May 6th-8th: Snow Joke, Eh?

Hate to disappoint anyone who expected me to be in Penticton or beyond by now, but I am just 61km from Hope up the Coq as of May 8th overnight. Let me explain: Snow. Lots of it. 

PS: I started a “By The Numbers” page you can find on the top header panel. Hope this provides a snapshot of my journey at a glance. I’ll be updating this more frequently than doing blog posts. I’m also open to suggestions for additions to this page!

May 6th:

Mostly a prep day in Hope – breakfast, groceries, organizing, and getting advice from the Visitor Centre. While Hope’s Buy-Low Foods has no bulk section, I was able to stock up on the goods:

Hope grocery receipt

… Which enabled me to prep for the tough days ahead:

… The result of which was a delicious and nutritious lunch just outside Hope:

… During
… And after.

Insistent on avoiding the dreaded Coquihalla Highway, I took the trail instead. The Coquihalla River Trail started not so bad – quite nice actually, though the roads were rocky pothole central. My touring bike did fine, but this trail is built for mountain bikes and ATVs. I found some good views, spots for water refills, and neat little bridges across the river.

After a short cycling day, I found a great spot right by the river to set up camp.

May 6th camp setup – near start of Coq River Trail.
Doing dishes in the Coq River.
Small tree doubled as a toilet paper roll. Action shot available upon request.

May 7th-8th:

These days blurred together in my mind, as they were quite similar. Back at it on the Coq River Trail. 

Testing my action shot skills.

There were some very green sections. 

… and then I hit the white sections.

Met a couple ATVers who had to turn back because the trail was blocked by snow banks. Great thing about cycling is you can push your bike through! I told the ATVers they should shed a couple wheels 😉

Turns out those snow banks were the start of a 2-day grind primarily pushing my bike and gear through snow. Several long snowed over sections where I decided to unpack my bike and split up the load into two or three trips. If you’re looking for a challenging full-body and cardio workout, I highly recommend pushing a bike with 61 pounds of luggage through the Coq River Trail before the snow melts.

New startup idea: snow tires for bikes.

The scenery kept me going – I was surrounded by mountains, cris-crossing the river, and passing countless mini-waterfalls.

May 7th provided my first bear encounter: a black bear the size of a large dog about 20 metres ahead of me in a half-snow-covered section of the trail. I could not have been more prepared – bear bell attached to handlebars, animal repellant whistle on jacket zipper, and bear spray in water bottle holder. And it could not have gone smoother – I stopped, rang my bell a couple times, and it took a couple steps and ran away before I could snap a pic (sorry fans!).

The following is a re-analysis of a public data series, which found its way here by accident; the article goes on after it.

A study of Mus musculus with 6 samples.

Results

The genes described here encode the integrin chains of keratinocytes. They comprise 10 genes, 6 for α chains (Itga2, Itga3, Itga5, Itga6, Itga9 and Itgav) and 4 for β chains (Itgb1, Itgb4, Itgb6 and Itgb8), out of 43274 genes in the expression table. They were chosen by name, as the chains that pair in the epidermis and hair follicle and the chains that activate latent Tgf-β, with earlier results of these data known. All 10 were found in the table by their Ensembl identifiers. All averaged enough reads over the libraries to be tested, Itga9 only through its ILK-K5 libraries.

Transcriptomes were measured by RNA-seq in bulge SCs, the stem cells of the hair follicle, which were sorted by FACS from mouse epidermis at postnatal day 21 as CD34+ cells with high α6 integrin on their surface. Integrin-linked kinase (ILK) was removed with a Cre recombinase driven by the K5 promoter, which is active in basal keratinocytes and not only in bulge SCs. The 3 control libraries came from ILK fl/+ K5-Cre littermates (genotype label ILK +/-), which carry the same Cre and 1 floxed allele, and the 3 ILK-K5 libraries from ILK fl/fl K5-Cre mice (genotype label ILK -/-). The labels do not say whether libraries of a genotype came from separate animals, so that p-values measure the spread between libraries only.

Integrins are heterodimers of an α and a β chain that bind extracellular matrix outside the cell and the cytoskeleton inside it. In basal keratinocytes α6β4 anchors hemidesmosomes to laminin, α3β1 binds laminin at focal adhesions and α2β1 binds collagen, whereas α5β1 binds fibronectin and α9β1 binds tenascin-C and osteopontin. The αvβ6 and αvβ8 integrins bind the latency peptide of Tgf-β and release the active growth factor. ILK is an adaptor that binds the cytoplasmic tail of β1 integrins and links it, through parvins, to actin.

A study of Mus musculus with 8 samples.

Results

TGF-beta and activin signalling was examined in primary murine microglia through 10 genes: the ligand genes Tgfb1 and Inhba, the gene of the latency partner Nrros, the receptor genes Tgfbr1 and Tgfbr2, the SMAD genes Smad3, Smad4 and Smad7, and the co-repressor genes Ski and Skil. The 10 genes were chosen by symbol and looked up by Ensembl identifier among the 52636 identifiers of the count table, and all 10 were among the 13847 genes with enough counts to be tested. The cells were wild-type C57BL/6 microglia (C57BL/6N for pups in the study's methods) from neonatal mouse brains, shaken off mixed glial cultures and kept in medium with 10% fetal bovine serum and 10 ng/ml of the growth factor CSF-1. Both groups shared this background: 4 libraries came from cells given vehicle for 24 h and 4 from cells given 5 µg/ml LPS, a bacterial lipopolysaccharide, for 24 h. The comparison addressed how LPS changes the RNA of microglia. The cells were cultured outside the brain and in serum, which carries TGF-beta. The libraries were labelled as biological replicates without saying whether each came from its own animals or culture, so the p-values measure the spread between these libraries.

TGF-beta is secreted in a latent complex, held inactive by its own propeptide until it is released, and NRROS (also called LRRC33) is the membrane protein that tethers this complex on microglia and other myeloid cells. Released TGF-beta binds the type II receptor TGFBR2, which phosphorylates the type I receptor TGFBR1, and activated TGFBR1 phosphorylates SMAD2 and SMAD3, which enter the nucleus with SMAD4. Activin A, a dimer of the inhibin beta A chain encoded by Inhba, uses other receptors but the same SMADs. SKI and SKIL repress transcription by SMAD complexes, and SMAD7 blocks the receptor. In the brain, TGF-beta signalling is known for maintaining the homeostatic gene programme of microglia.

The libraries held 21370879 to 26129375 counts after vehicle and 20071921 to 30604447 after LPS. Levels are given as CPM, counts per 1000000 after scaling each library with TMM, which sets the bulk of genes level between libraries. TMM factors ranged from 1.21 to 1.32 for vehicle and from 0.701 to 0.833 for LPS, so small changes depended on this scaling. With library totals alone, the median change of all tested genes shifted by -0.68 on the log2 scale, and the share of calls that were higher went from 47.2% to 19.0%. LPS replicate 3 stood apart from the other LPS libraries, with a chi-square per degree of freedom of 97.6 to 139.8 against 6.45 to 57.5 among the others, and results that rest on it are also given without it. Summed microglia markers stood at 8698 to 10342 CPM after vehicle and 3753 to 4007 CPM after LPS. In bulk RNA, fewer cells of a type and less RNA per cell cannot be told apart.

May 8th around 3pm was my return to civilization, where I pushed my bike through about a 2km stretch of snow to a road just off the coq highway. Met a road worker there so kind he handed me a bag of sausages and insisted I take them! He then pointed me up the road to Britton Creek Rest Area, where I spent the night recharging the batteries, as well as my own.

So May 8th was my first “non-cycling” day. Far from a rest day, but with so much pushing through snow I did not clock in any kilometres on my Garmin. Good news is my cycling muscles are somewhat rested and ready to veer off onto the Kettle Valley Rail Trail tomorrow!

Cute little “pay phone” room at the rest area I claimed as my own for the night.


4 thoughts on “May 6th-8th: Snow Joke, Eh?

  1. Enjoyed your description of cycling up the Coquihalla. Interesting to see the trails/roads you took on that route, I have only driven on the highway. You poor thing, having to battle your way through all that snow! I never expected you’d have snow at this time of year. Especially before the Rockies! Glad you are well prepared for bears. If that bear was so small, it may have been a cub. In which case, you have to look out for its Mama – fierce in protecting their young. Bears have weak eyesight but very strong sense of smell. Your food looks yummy and very nutritious.Good job keeping yourself healthy! By the way, in case you didn’t know, ham keeps longer unrefrigerated than chicken/turkey. Your photos are super! Glad to see you looking well and happy.


  2. Great blog Cameron and we’re loving the photos too; please keep both coming when you can. And, we enjoyed the “Numbers” page too; super record keeping there! Slogging through the snow looked horrendous and no humans for 27 hrs sounds painful…but what challenges us makes us stronger; right???!!! Take care and I’m doing my sun dance down here for you! xoxoxo


  3. Thank you for the updates!
    With all that snow, I guess it has been “a bit” harder than expected, but it is all part of the adventure.
    “By the numbers” page… awesome idea!